By Sumayah Medlin
Aug. 17, 2018 will go down in history as the day “To All the Boys I’ve Loved Before,” which was based on a bestselling trilogy, was released on Netflix. That was the day our hearts were filled with hope for a Peter Kavinsky of our own, and also the day our eyes were blessed with something new to binge watch. The film’s debut also secures 2018 as the year of the romantic comedy.
Lara Jean, the protagonist in the film, is a timid high school student with a crush on her older sister’s boyfriend, Josh. She is too shy to admit her feelings for him and keeps secret love letters that she never sent to any of her childhood crushes, Josh included. But those letters don’t stay secret for long. Lara Jean’s little sister, Kitty, decides to send them out to each boy she liked, which forces Lara Jean to break out of her shell and confront her own emotions.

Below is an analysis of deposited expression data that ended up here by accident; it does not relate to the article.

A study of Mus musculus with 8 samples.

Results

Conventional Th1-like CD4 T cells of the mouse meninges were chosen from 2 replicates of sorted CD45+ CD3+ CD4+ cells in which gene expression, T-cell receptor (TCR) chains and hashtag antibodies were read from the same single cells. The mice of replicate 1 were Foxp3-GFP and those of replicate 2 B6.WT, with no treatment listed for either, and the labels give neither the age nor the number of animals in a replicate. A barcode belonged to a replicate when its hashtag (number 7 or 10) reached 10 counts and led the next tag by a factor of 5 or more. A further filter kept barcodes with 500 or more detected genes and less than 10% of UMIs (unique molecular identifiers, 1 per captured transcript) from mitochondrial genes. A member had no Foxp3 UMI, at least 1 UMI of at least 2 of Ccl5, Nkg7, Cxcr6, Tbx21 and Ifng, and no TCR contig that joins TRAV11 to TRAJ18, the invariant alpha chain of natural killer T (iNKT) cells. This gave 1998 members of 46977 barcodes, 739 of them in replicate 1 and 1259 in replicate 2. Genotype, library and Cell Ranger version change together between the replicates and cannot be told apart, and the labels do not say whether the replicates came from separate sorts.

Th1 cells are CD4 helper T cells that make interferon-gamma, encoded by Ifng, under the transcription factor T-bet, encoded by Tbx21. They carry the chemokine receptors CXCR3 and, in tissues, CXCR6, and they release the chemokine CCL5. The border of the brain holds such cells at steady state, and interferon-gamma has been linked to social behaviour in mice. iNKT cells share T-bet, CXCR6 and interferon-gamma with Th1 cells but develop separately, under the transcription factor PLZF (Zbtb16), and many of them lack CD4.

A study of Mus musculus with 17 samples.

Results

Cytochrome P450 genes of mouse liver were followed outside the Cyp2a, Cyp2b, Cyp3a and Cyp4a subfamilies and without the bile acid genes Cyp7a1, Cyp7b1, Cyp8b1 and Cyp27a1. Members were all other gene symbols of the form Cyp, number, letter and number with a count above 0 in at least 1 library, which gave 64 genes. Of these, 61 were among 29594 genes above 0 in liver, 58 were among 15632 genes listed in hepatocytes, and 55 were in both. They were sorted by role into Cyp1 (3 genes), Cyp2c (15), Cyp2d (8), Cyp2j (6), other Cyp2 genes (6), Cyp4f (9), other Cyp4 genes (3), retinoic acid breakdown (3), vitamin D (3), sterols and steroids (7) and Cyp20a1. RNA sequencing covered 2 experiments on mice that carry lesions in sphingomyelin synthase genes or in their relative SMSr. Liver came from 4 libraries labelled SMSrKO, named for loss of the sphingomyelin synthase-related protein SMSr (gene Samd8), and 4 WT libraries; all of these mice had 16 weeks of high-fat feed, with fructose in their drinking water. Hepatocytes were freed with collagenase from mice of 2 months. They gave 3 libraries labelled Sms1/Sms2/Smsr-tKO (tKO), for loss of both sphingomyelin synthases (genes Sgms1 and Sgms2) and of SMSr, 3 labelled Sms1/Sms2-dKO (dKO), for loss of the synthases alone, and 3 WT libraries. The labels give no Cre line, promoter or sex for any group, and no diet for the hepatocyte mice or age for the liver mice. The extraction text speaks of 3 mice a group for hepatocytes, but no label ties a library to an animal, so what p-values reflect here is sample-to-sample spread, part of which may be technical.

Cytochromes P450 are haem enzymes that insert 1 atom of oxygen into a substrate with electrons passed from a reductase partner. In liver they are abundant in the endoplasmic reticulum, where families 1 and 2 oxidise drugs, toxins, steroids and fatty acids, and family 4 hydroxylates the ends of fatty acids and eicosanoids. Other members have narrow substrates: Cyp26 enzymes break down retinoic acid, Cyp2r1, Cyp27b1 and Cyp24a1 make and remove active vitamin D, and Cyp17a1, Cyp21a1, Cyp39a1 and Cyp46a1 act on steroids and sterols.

In 2018 alone, we were given “The Kissing Booth,” “Crazy Rich Asians,” “To All the Boys I’ve Loved Before” and more titles. Two out of those three films feature a mainly Asian-American cast –– a feat as Hollywood strives for more diverse casts.
As time goes on, Hollywood is finally starting to diversify. Minorities have been able to land more big time roles this year, paving the way for others as well. Other ethnicities and races might not even get the luxury of playing a supportive character, so a movie like “To All the Boys I’ve Loved Before,” which featured a mixed Asian-American family, makes great progress in the struggle for representation. The film may be diverse, but that is not what makes it a great movie to watch.
“To All the Boys I’ve Loved Before” gives us hope that even if we may have never had a boyfriend, it’s not because we’re undesirable –– it’s just that we haven’t yet met our Peter Kavinsky, who will be the one to tell us we were never second best.